Can Classical Music learn how to shape its future by observing changes in other disciplines?
Illegitimate journalists. Rogue columnists. Bloggers. To some veteran reporters and journalists, these can be interpreted as fighting words. But a growing segment of the American population find these new outlets for news and opinion a welcome alternative or supplement to their daily dose of traditional print news.
At first, major news outlets attacked bloggers and online columnists as illegitimate sources of inaccurate facts and painted them as nothing more than 24 hours rumor mills exempt from the rules and regulations of genuine media outlets. They were professionals; these new people were barely hobbyists.
And to some degree, they’re correct. Online writers are exempt from many of the ethical and regulatory hurdles traditional media outlets must deal with. Anyone can do it so long as they know how to use a computer and gain access to the internet.
The column you’re reading right now finds itself on a website promoting the fact that it publishes partial opinions, in its about us
section it declares that:
“There is no such thing as an 'impartial observer.' We all have our biases and unique point of view.”
It features a variety of writers who present their opinions and observations about a variety of topics. Some use facts to support their positions, others present anecdotal evidence to the reader and allow them to draw their own conclusions.
Apparently, many people out there find this approach appealing since the Partial Observer’s average traffic rate has been steadily increasing since its inception.
In another example, I would point to my other column, Adaptistration
, which focuses on the highly focused issue of orchestra management issues. Over at that website I’m considered a blogger, but here at The Partial Observer I’m a columnist.
The main distinction is that my articles at the Partial Observer appear on a regular schedule, every other Monday in fact (except the last scheduled publishing – I took my first week off in over a year). Whereas at Adaptistration, I publish something every weekday and sometimes on the weekends, but in actuality I can publish as little or as much as I like.
My Adaptistration weblog was born of necessity; arts and culture reporting in America was (and is) on a scary downslide, but that doesn’t mean people aren’t interested in reading about it. Online hubs of cultural discussion and reporting are becoming more and more popular each month. Even niche subjects, like orchestra management, develop a dedicated following.
And this growth has sparked some intriguing interactions with those who write professionally for mainstream media outlets. Since beginning my foray into online writing, I’ve had the pleasure of becoming acquainted with a multitude of veteran cultural reporters and music critics who work for mainstream media outlets.
The vast majority are very hard working, insightful people who care passionately about their respective area of art and culture. However, there are a few (I’m grateful that there are very few), who see the slew of online writers as a scourge of illegitimate, inaccurate, heathens who only muck things up for the long-established media industry.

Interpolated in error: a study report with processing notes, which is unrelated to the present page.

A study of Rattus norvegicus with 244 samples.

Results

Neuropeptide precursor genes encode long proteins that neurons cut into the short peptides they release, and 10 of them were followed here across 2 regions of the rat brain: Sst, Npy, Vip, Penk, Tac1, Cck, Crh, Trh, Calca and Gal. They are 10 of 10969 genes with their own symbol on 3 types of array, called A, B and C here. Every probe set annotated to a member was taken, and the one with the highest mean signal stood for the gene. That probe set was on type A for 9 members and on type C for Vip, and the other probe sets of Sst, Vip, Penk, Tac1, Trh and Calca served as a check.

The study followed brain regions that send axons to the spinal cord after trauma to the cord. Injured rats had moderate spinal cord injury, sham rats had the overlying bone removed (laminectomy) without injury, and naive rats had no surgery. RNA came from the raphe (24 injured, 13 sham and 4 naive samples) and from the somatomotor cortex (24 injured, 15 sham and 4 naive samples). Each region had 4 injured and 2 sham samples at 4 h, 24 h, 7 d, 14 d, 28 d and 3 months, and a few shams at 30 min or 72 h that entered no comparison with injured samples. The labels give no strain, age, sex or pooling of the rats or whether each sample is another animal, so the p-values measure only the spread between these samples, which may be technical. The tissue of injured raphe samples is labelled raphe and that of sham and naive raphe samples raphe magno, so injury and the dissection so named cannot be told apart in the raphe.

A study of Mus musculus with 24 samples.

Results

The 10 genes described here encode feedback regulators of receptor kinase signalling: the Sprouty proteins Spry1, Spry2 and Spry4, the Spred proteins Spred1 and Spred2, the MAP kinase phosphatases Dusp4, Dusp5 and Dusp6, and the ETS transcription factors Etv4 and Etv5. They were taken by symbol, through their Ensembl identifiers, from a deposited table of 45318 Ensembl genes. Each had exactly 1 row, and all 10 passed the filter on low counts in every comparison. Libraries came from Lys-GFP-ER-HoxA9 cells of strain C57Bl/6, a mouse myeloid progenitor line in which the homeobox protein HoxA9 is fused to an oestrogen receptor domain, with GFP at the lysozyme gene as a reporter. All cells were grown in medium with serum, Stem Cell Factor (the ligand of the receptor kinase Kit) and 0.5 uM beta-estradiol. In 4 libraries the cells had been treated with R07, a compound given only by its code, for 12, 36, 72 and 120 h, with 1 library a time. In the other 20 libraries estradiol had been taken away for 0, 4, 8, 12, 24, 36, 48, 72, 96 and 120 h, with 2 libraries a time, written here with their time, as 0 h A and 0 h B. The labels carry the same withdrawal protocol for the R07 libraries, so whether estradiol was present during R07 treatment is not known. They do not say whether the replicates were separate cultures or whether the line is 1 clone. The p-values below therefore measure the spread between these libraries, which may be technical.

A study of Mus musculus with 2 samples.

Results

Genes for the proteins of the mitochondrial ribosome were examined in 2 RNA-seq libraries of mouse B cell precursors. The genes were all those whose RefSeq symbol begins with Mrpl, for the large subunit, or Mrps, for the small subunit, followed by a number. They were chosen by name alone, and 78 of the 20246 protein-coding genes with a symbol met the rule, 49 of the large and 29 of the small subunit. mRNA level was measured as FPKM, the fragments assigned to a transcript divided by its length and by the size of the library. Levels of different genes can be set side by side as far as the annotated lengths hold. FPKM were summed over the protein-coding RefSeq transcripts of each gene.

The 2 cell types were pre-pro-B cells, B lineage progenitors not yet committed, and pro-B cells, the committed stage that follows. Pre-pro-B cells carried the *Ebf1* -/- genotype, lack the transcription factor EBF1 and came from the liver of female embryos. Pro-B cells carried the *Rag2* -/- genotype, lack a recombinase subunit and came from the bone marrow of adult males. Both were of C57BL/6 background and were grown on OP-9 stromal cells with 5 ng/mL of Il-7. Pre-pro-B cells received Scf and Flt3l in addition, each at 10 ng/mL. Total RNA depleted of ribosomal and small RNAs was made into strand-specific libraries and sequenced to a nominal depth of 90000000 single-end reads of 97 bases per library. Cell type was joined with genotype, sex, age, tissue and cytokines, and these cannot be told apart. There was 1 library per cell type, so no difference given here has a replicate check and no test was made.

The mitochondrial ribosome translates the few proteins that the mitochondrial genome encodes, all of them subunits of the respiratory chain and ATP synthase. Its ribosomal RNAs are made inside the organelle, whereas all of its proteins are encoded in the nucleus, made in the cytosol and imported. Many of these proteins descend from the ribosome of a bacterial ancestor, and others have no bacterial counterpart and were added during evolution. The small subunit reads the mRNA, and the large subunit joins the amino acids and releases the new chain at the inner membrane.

I’ve had the displeasure of running across a veteran music critic who hasn’t been afraid to display their hostility toward what I and other culture bloggers write, or for that fact, even our existence in the world of cultural discussion.
This individual has actively lashed out at the inherent evils of blogging and espoused on the virtues of those who work for “legitimate” media outlets. The amusing side of this story is this very same individual has never bothered to check my professional credentials before launching an all out written assault against me and all who dare join the blogging culture.
Fortunately, a substantial portion of traditional media writers have come to see blogging and online columnists for what they actually are; good or bad based on what they write and how they present the material.
As a result, the blogging community has been joined by a number of established, mainstream writers who have discovered that the online forum allows them some more creative freedom and digital space to present their ideas and information to the public at large.
Furthermore, mainstream media outlets have learned to identify and use online writers and bloggers to their own advantage. They’ve discovered that some of them have a great deal of professional expertise in their respective fields and provide access to information and professional observation which otherwise wouldn’t be available to them.
It has provided them with an additional source of information and professional opinion which they can use at their discretion and as the need arises to produce an article which serves the readers the best way possible.
It’s these mainstream writers who will continue to thrive in a world continually consumed by sound bytes and news tickers. They’ll create a better, more relevant product and help secure their own necessity for decades to come.
So how does this relate to classical music? I’m not entirely certain; but interacting with an industry over the past year that’s in a transitional place in history has made me step back and look at classical music in a different way.
Is classical music, as an overall industry, more like the adaptive journalists I’ve grown to know and respect in the past year or is it more like the envious, spiteful journalists bent on discrediting the newcomers?
Sometimes I get a cold shiver when think about it too much.
If you want to learn more about blogging in general, there was a wonderful piece in last summer’s time Magazine. Additionally, there have been a couple of good articles about cultural bloggers in recent months, one in the Atlanta Journal-Constitution and the other in the San Francisco Classical Voice (both of which feature yours truly in one way or another).